As I travelled down the coast of California to the Long Beach area, I had a striking, but sinking revelation. I stared outside the bus window as streams of color flashed before me. We were passing through industrial parks of enormous shipping zones filled with colorful rectangular crates.
It was as if we were stuck in an amusement park, with each area louder in color than the next. Left and right, we were surrounded with images of industrialization and man-made material. Huge cranes extended over the ocean for unpacking incoming shipments, ruining the pristine skyline. The sight was intensely futuristic and was unlike anything I have ever seen before. Coming from a largely suburban area where everything is underdeveloped, seeing this type of wide-scale industrial development put me in awe. The scene was straight out of a futuristic, Wall-E-type movie.
Even pictures cannot do justice the raw emotions I felt upon looking at the endless sea of crates. One had to be there to experience how small and insignificant a human felt in retrospect to the towering piles of crates and cranes.
After driving through the mass of industrialization, our bus arrived at our destination– the beautiful Cabrillo Beach tide pools. We spent the day experiencing nature in its purest form, walking through atop of ancient rocks and looking out past the calm ocean. We observed the lowest of the low tides that swept up once every year. After learning about sea animals and plants in the aquatic museum, the experience was even more gratifying, since I was able to understand exactly what type of rock I was treading upon, and what sea life I was looking at. During this moment in time, I was immersed in the grasps of nature, fulling experiencing the calm and peace that it brought.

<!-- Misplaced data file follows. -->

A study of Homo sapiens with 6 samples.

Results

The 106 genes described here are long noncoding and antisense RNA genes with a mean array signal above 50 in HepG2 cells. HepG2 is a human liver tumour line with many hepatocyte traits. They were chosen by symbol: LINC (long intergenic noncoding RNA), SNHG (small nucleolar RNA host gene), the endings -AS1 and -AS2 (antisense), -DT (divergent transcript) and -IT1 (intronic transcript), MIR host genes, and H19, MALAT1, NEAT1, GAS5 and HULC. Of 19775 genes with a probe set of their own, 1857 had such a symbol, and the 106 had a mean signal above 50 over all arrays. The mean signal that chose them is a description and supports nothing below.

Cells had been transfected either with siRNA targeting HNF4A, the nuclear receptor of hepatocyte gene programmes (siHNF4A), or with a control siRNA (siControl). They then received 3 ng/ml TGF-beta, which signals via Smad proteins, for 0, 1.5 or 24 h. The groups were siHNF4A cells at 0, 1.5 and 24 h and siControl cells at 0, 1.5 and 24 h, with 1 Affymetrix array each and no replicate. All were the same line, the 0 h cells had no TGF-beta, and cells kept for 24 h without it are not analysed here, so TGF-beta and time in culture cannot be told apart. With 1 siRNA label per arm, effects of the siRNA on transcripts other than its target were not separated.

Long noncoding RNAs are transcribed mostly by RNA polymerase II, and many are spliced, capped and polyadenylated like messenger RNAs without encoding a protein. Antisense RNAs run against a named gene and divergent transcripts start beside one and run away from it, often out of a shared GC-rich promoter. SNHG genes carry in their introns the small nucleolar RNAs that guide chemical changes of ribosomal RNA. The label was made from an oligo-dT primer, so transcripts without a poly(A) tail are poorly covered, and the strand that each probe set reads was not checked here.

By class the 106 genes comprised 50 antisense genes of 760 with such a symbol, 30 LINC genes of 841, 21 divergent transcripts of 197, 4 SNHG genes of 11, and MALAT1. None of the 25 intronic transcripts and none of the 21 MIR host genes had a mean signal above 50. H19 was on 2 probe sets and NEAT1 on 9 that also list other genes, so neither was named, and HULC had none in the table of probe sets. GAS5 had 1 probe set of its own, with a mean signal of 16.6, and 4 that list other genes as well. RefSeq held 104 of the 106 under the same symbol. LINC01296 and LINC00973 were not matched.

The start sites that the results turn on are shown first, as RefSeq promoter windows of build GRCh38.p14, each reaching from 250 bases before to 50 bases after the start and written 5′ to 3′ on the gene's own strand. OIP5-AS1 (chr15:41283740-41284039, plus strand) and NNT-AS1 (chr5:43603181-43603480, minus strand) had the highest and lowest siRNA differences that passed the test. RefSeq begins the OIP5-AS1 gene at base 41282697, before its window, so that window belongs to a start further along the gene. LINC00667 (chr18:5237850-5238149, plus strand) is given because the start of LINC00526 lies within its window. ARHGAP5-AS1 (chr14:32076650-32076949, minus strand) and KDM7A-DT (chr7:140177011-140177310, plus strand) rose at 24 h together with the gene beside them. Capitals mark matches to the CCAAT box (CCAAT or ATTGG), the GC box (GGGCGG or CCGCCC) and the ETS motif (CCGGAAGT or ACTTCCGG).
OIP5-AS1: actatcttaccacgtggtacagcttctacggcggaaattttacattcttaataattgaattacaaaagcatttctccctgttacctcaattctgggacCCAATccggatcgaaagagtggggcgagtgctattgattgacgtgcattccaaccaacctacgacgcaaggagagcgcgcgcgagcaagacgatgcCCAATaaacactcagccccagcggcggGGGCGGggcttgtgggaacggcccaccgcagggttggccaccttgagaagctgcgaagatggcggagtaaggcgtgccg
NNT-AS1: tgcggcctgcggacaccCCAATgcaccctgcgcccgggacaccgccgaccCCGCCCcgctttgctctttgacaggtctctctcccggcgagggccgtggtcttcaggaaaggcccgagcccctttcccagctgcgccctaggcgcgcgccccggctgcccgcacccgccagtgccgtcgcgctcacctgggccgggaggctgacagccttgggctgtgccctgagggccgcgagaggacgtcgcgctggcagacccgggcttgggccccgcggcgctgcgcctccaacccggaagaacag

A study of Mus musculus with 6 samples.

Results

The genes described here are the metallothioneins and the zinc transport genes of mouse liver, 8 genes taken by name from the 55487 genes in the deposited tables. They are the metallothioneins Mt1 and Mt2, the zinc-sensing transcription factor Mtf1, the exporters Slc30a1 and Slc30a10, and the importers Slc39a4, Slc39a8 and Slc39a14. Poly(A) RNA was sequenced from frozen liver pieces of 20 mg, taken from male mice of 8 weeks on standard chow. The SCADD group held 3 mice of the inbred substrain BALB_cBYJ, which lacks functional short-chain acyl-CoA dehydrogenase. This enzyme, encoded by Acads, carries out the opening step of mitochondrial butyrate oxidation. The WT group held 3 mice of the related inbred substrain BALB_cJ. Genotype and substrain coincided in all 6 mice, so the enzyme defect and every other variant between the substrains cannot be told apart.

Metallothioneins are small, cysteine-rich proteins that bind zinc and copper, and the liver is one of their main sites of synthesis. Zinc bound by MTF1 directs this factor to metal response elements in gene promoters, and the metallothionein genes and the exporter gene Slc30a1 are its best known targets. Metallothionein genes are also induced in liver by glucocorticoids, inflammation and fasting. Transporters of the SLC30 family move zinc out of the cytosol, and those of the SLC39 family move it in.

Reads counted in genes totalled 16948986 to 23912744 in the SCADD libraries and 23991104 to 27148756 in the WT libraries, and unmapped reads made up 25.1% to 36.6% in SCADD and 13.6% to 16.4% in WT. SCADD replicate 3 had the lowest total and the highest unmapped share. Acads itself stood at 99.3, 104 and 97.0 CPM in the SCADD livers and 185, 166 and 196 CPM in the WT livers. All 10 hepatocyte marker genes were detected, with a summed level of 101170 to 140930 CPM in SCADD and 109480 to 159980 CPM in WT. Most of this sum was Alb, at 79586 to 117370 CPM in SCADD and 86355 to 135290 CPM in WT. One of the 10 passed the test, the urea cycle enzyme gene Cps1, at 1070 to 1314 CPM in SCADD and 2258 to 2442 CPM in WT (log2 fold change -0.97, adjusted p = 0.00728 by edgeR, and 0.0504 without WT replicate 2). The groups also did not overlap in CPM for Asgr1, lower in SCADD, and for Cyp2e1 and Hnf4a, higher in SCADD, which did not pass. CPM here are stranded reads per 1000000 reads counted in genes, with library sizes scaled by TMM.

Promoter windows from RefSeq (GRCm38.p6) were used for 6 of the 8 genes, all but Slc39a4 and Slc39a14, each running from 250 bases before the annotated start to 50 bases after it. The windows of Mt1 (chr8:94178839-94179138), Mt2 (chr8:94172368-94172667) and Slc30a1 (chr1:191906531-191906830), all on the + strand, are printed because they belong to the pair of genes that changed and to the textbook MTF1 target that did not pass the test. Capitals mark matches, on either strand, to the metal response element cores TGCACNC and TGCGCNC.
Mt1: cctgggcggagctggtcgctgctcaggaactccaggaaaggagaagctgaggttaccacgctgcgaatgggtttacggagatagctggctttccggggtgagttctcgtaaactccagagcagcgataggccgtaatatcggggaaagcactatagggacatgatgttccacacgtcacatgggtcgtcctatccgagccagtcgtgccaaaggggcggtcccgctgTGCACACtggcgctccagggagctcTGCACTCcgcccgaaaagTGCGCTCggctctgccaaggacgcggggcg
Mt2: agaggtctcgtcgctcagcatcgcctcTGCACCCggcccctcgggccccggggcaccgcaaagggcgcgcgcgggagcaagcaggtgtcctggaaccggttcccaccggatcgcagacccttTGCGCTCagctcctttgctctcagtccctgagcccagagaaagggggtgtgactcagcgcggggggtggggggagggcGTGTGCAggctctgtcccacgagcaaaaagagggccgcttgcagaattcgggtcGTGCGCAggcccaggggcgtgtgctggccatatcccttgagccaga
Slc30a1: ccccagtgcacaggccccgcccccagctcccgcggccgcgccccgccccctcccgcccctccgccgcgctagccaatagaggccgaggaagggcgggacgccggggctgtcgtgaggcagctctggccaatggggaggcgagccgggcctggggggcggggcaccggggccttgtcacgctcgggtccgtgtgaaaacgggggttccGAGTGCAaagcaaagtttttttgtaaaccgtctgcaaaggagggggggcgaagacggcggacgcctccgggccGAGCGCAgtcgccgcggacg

The stark contrast between the industrial park I had travelled through earlier in the day and the tide pools I had waded past in the afternoon was appalling. From the rocks of the beach, I could see the faint outline of huge ships and crates through the misty ocean fog. The two places, though relatively close in distance, could not be more different. Man’s creations and nature are two entirely different worlds. And as I stood on the edge of the rocks bordering the ocean and glanced at the lofty buildings in the distance, I felt as though I was trapped in the middle of the two worlds– the world of man and the world of nature– each threatening to engulf me into nothingness.